A landmark trial which shows how therapy can change the trajectory for infants at risk of autism could help GPs help their patients, says Professor Andrew Whitehouse.


Most GPs will see children and adults on the autism spectrum within their practice, and GPs are often the ‘medical home’ of these families as they navigate the ups and downs of their life.  

Professor Andrew Whitehouse

Like all neurodevelopmental conditions, autism is diagnosed using “deficit-focused” diagnostic criteria. In other words, individuals are assessed on what they can’t do.

The Diagnostics and Statistical Manual is the authoritative guide describing the behaviours we use to diagnose neurodevelopmental and psychiatric conditions. It specifies individuals must have “persistent deficits” in social communication and behavioural interaction to receive a diagnosis of autism.

Significantly more children are now recognised as having difficulties learning social communication skills than previously. This has led to an increase in the numbers of children being diagnosed with autism – now estimated to be 2% of the population. 

Early behaviours that may indicate a possibility of developmental differences are often observed in the first year of life. These behaviours can include reduced eye contact, lack of pointing, fewer social gestures and imitation, and lack of a response to their name. Any one of these behaviours on their own is not a clinical indication, but when all of these are observed in the same child, they may indicate developmental differences. 

Typically, in the clinical pathway for autism, these early behaviours are monitored until the age of two years, after which children may receive an assessment that leads to a diagnosis of autism. This ‘wait and see’ approach to early developmental differences is based on the premise that child development is highly variable, and that we should be cautious in providing clinical services when they may not be required.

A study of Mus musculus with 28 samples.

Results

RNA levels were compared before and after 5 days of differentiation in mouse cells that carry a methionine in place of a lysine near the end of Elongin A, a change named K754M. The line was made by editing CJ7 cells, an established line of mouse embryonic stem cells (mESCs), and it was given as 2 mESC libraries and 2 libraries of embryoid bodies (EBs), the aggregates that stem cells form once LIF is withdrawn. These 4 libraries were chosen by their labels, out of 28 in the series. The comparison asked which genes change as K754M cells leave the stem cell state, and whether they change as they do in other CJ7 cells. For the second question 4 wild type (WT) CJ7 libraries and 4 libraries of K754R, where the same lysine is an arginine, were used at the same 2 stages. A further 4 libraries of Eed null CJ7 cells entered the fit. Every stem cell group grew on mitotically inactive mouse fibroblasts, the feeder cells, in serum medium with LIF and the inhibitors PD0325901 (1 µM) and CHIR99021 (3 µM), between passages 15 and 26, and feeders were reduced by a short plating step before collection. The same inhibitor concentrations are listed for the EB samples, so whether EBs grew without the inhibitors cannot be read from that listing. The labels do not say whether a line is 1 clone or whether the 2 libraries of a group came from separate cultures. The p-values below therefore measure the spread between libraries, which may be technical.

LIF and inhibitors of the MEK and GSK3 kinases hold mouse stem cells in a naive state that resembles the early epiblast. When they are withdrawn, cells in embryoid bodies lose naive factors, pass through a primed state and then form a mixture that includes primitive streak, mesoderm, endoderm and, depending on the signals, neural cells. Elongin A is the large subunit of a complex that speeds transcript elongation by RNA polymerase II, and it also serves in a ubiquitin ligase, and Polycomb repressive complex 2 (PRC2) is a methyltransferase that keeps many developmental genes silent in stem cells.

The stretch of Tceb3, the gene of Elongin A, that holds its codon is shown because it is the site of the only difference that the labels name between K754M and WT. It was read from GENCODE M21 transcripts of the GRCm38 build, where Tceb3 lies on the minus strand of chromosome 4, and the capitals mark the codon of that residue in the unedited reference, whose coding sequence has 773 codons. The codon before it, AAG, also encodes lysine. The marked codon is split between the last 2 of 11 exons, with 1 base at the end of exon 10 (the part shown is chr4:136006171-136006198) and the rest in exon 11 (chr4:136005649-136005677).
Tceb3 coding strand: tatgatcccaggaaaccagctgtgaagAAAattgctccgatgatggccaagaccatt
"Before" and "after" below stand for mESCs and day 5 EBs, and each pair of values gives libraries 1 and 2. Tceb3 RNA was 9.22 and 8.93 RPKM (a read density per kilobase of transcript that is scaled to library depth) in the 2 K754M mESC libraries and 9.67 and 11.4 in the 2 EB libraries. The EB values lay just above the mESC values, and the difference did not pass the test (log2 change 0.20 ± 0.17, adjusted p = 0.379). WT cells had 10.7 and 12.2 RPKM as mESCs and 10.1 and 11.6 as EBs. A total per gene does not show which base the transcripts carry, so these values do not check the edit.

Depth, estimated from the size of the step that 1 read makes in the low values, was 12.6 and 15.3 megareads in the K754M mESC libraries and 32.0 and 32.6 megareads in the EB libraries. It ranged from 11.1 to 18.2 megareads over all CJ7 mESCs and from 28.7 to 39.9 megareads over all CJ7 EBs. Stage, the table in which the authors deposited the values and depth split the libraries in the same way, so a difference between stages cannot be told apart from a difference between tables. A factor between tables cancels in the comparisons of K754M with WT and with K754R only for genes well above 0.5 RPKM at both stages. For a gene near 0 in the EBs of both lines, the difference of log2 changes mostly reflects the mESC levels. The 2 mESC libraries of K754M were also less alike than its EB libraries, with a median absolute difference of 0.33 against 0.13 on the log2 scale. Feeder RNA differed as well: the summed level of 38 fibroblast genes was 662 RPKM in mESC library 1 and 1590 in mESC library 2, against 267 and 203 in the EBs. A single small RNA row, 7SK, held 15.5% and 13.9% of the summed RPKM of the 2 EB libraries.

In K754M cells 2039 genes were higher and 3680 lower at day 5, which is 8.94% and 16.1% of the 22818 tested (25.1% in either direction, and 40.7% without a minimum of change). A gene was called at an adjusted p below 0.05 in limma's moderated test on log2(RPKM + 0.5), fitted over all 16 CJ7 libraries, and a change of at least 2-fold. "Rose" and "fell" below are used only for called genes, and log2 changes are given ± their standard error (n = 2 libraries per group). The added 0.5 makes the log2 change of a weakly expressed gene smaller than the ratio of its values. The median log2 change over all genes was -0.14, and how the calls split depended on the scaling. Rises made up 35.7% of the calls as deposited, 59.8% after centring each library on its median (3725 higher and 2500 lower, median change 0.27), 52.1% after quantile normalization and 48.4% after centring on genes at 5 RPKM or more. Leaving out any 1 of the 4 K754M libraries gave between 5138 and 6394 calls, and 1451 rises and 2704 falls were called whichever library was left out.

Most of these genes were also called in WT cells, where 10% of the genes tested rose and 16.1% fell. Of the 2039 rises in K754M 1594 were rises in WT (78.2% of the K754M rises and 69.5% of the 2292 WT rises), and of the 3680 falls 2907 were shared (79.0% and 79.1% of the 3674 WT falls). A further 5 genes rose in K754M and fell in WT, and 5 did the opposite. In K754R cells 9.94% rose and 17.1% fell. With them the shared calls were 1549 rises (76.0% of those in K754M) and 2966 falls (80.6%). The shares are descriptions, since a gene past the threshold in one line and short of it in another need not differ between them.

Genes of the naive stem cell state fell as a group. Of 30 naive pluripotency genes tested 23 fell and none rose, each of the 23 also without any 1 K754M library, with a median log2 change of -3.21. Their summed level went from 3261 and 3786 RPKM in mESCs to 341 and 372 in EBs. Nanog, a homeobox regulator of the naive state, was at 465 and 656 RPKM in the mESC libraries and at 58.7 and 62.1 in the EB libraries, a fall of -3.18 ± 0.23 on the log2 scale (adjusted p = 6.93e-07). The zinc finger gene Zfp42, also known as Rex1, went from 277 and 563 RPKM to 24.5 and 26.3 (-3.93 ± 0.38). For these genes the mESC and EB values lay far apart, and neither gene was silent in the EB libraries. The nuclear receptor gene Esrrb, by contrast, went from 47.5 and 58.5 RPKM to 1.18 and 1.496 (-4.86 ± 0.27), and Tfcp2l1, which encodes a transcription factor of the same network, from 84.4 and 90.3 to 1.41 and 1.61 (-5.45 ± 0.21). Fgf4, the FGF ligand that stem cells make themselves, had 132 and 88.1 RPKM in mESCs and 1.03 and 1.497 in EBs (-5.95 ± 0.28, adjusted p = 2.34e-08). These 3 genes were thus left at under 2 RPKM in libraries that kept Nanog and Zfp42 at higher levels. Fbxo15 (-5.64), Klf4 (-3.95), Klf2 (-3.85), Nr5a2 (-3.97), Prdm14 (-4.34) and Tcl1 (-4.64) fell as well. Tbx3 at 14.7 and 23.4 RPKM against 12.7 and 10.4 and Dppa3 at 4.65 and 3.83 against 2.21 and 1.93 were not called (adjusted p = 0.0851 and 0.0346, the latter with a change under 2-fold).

Of course, the drawback of this approach is that, for those children who are developing differently, our therapies are not being applied in the first two years of life, when the brain and mind are developing rapidly.

At CliniKids, part of the Telethon Kids Institute, we have just released the findings of landmark clinical trial, which has turned this clinical pathway on its head.

In our study, we worked with the WA Child Development Service to identify 9- to 14-month-old infants who are showing some of those early developmental differences mentioned previously. Half of the infants received our therapy, called iBASIS-VIPP, and the other half of the infants received community therapy as usual (which often consisted of just monitoring). 

iBASIS-VIPP uses video-feedback to help parents recognise their baby’s communication cues so they can respond in a way that builds their social communication development. Parents are videoed interacting with their baby in everyday situations, such as feeding and playing. The trained therapist then provides guidance to the parent about how their baby is communicating with them, and they can communicate back to have back-and-forth conversations.

The infants in the study were assessed on multiple occasions up to three years of age. We found that the iBASIS-VIPP therapy was effective in supporting social and communication skill development – so much so, that only 6.7% of the children met diagnostic criteria for autism at age three years, compared to 20.5% of children in the ‘therapy as usual’ group.

This finding provides strong evidence for a new model of how we provide clinical support to children with developmental differences. 

Rather than waiting until a diagnosis to start therapy – typically at two years of age at the earliest – we need to identify developmental differences as early as possible. Then we need to provide developmental supports that nurture each child’s strengths.

At its most basic, this is a change of clinical support from “wait and see” to “identify and act”.

CliniKids at the Telethon Kids Institute currently offers this therapy and will be seeking to train as many health professionals as possible, both in Australia and internationally. 

This is a good news story. By identifying babies developing a bit differently and seeking prompt referral to an evidence-based intervention, we can change developmental trajectories and hopefully the course of their lives.  

ED: Andrew Whitehouse is Professor of Autism Research at the Telethon Kids Institute and the University of WA, and director of CliniKids.